American Literature and Composition 2 X

Course Syllabus -- Spring Semester 2004

Ms. Rinaldi
Room 204
(303)698-6100 ext. 21411

American Literature 2  is a required course for graduation in the Denver Public School system.  The “X” course is the honors level of American Literature, and is geared toward a higher level of analysis and understanding.  Because each student must succeed in the class in order to graduate, the course is designed to be comprehensive and it is expected that all students will work diligently. 

            The Spring semester class covers American Literature in the 20th century.  Essays, poetry, short stories, novels and plays are all examined in the context of historical events and human experience.  It is essential that we make the connection between life and literature, and understand how the writers’ environments and circumstances influenced their work.

In addition to the literature covered in this course, there is a strong writing component, and students will be encouraged to write a great deal.  While the focus will be on mastering the skills of formal and analytical writing, there is also opportunity for poetry and creative work.  The required projects in each 9-week period are designed to focus student effort on specific, practical forms of writing.  In particular, students will master the art of writing a paper.

First Marking Period:

In the first 9 weeks,  writers who formed a new, darker perception of the American Dream will be explored. We will also cover the Harlem Renaissance of the 1920s into the era of the Great Depression.  The move westward from the dustbowl and the still struggling and impoverished American South provided important canvasses for the writers of this period. 

  •         Winesburg, OH by Sherwood Anderson

  •         Hemingway short stories, "Hills Like White Elephants," and "A Clean, Well-lighted Place"

  •         Poetry:  Eliot, "The Love Song of J. Alfred Prufrock"

  •     Faulkner short stories, "A Rose For Emily,"  and "The Bear"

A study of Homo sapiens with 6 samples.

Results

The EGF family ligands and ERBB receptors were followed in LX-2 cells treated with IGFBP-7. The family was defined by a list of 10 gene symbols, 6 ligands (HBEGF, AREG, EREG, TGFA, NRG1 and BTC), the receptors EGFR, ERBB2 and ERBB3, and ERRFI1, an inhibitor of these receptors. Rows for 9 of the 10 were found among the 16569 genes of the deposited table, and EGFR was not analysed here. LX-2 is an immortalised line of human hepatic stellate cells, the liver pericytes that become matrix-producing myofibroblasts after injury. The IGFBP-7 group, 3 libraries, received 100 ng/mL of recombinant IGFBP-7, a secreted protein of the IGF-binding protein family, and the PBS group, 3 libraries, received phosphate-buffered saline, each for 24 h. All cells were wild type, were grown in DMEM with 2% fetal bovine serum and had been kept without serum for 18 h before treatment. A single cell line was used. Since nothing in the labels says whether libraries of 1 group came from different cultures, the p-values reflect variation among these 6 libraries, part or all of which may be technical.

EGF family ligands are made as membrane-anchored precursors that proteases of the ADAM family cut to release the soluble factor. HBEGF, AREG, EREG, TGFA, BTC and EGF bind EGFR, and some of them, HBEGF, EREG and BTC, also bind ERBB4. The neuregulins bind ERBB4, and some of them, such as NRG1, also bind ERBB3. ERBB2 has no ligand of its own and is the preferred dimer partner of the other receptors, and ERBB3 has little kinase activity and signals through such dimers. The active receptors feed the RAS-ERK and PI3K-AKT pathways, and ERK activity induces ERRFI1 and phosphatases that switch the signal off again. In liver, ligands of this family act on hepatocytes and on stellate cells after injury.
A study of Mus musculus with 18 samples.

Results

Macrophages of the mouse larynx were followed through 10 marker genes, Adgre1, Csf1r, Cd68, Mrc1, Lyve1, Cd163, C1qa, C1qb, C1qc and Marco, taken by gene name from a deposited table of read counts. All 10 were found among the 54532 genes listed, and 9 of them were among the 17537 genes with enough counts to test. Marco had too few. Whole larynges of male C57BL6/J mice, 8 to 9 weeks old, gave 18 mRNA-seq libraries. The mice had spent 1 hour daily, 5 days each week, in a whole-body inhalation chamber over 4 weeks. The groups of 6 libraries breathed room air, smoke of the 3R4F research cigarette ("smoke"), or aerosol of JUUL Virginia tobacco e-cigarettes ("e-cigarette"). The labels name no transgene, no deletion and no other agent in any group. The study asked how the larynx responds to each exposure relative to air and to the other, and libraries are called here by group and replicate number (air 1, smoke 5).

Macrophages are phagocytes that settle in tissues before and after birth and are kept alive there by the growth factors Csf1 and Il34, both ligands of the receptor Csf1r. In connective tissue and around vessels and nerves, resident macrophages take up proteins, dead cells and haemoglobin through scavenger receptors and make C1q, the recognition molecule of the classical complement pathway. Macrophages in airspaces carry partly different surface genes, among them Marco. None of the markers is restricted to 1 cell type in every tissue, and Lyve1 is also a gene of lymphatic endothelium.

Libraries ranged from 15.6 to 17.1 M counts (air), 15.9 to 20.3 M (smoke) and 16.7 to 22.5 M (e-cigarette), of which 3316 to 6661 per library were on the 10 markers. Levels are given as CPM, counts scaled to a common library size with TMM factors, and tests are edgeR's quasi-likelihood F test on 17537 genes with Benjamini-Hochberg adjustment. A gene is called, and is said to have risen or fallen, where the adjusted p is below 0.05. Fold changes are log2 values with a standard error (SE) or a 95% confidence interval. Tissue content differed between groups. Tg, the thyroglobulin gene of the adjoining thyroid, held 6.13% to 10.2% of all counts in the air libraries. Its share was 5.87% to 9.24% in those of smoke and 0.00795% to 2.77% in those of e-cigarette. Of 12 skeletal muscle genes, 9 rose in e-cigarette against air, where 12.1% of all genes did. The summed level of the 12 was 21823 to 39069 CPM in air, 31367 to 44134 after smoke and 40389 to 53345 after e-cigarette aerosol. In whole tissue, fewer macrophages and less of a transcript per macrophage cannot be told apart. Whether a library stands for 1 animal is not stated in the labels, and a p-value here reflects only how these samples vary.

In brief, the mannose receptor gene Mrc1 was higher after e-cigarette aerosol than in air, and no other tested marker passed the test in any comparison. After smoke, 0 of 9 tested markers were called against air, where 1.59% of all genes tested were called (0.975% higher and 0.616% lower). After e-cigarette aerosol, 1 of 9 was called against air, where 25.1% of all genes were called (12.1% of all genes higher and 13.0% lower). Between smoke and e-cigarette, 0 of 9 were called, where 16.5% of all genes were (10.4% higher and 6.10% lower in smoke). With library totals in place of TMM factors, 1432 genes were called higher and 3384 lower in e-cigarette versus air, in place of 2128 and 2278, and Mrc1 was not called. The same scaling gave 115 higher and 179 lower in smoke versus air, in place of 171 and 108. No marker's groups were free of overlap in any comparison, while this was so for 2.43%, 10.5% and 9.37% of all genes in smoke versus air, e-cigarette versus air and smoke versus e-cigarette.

•      Poetry:  Hughes, McKay, Cullen, Toomer (Harlem Renaissance)

  •         Novel :  The Great Gatsby, F. Scott Fitzgerald  

  •     Novel:  Of Mice and Men, John Steinbeck  


#1:  Winesburg, OH story "grotesque" 3 pgs.  Due 1/22/04
#2:  3-4 page Literary Analysis of The Great Gatsby  Due 3/8/04

Click on the links below for the details on these projects.

Winesburg, OH

The Great Gatsby

Second Marking Period:

In the final marking period we examine the writers who have truly defined the "modern" era of American Literature.  The novel, poetry and short stories of the latter half of the 20th century reveal a changing nation--and a changing culture that is more and more determined to capture reality in words.

  •        Drama:  Miller, Albee, WIlliams

  •       Short Stories:  Updike, Oates, Capote

  •        Poetry :  Auden, Frost, Brooks, WC Williams, cummings,Pount, St. Vincent Milllay, Sandburg, Plath, Roethke, Rich, Ginsburg, Sexton, Berryman, MacLeish

  •       Novel :  Catcher in the Rye J.D. Salinger


#3:  3-4 page Literary Analysis of the work of one of the Harlem Renaissance writers.  DUE APRIL 19th
#4:  6-8 page Literary Analysis of an American novel (list of choices will be provided).  DUE MAY 17th

Click on the links below for the details on these projects.

Harlem Renaissance

American Novel

Semester Work:

VOCABULARY:  There are 3-4 vocabulary quizzes per marking period, and each quiz covers 20 words.  Quiz dates are always announced.

EXAMS:  There will be an exam at the end of each marking period covering the literature studied over the nine weeks.  These exams will be announced well in advance, and a review of the material will be conducted before each exam.

SPEECH:  Each student will be required to memorize and present a poem (list of choices will be provided).

Ms. Rinaldi's Syllabus Page

South English Faculty

South Reading and Writing Center

South High Gargoyle --- Click on the Gargoyle to view the history of South High.